A 55-year-old man with diabetes comes to the office for an annual visit. He denies any chest pain, palpitations, headache, dyspnea or lightheadedness. He is currently taking insulin for the diabetes. He has no other medical issues. He is fairly active and is able to perform all activities of daily living. He has no medical allergies. His blood pressure is 135/85 mm Hg and pulse is 80/min. His lungs are clear and heart rate is regular. He has no pedal edema. Chemistry panel is unremarkable. An electrocardiogram shows normal sinus rhythm. Urine studies reveal normal albumin in the urine. Which of the following is the appropriate management at this time?
A. Encourage lifestyle modification
B. Prescribe hydrochlorothiazide 12.5 mg daily
C. Prescribe hydrochlorothiazide 12.5 mg daily and metoprolol 25 mg twice daily
D. Prescribe lisinopril 10 mg daily
E. Prescribe metoprolol 25 mg twice daily

The correct answer is B. The new national guidelines, known as the Seventh Report of the Joint National Committee (JNC) on Prevention, Detection, Evaluation, and Treatment of High Blood Pressure (JNC 7), recommend a more aggressive approach to detecting and treating hypertension. The new classification introduces a new "prehypertension" classification. In patients older than 50, systolic blood pressure should be the focus of treatment. Individuals with a systolic BP of 120 to 139 mm Hg or a diastolic BP of 80 to 89 mm Hg should be considered as "prehypertensive." This reflects an increased risk of future hypertension and requiring health-promoting lifestyle modifications to prevent cardiovascular disease. Those with BPs in the 130/80-to-139/89-mm-Hg range have twice the risk of hypertension as those with lower values. Thiazide-type diuretics should be used in drug treatment for most patients with uncomplicated hypertension, either alone or in combination with drugs from other classes.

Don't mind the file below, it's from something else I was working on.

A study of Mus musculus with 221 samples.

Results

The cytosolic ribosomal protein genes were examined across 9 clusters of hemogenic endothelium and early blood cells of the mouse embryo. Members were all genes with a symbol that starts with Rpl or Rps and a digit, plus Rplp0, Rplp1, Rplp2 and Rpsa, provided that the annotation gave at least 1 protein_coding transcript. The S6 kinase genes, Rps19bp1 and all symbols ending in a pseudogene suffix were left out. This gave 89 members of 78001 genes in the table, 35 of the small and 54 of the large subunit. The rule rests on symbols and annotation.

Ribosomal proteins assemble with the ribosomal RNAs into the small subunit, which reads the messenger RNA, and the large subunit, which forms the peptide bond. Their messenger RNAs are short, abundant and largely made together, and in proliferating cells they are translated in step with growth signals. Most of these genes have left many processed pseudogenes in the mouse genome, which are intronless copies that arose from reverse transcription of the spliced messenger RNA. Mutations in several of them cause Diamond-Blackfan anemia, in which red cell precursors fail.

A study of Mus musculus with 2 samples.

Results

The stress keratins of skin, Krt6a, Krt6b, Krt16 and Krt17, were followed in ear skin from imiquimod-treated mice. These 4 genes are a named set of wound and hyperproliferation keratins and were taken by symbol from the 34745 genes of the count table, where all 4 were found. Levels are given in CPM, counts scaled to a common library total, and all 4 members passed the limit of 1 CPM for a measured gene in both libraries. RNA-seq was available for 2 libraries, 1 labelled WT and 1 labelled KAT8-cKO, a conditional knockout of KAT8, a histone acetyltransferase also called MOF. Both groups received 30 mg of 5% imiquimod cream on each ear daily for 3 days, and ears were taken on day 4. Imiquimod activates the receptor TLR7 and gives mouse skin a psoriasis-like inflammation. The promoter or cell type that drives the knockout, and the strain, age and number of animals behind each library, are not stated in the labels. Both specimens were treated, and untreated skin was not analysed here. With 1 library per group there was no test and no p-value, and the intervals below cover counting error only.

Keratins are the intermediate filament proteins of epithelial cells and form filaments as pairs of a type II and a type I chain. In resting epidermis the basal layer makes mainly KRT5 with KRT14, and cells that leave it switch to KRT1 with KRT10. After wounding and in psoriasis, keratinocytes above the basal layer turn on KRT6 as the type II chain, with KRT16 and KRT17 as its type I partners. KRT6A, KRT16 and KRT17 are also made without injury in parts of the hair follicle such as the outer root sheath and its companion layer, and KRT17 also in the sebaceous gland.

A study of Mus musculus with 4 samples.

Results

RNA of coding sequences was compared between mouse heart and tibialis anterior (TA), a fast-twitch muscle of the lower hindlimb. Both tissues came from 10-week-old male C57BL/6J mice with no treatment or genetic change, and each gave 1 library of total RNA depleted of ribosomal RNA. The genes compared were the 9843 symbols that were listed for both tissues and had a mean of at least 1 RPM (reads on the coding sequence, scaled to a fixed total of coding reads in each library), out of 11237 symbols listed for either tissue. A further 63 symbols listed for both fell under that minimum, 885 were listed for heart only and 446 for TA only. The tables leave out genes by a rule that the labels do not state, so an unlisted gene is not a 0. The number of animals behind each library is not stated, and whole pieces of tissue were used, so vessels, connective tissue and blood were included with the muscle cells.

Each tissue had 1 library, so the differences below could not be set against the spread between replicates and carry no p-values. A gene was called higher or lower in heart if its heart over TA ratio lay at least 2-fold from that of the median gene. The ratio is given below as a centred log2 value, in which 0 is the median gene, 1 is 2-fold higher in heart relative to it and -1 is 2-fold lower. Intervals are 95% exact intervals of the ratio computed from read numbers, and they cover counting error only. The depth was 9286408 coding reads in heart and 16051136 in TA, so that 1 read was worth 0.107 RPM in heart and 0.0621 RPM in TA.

In the absence of a compelling reason such as kidney disease or diabetes, prehypertension can be treated by encouraging lifestyle modification (choice A).

Two or more antihypertensive drugs may be required to control hypertension to goal in most patients. However, this is true if the patient has stage 2 hypertension (SBP ≥160 or diastolic blood pressure ≥100 (choice C).

If this patient had microalbuminuria, an ACE-inhibitor could be considered (choice D).

JNC recommends thiazides as a first line treatment of pre-hypertension (choice E).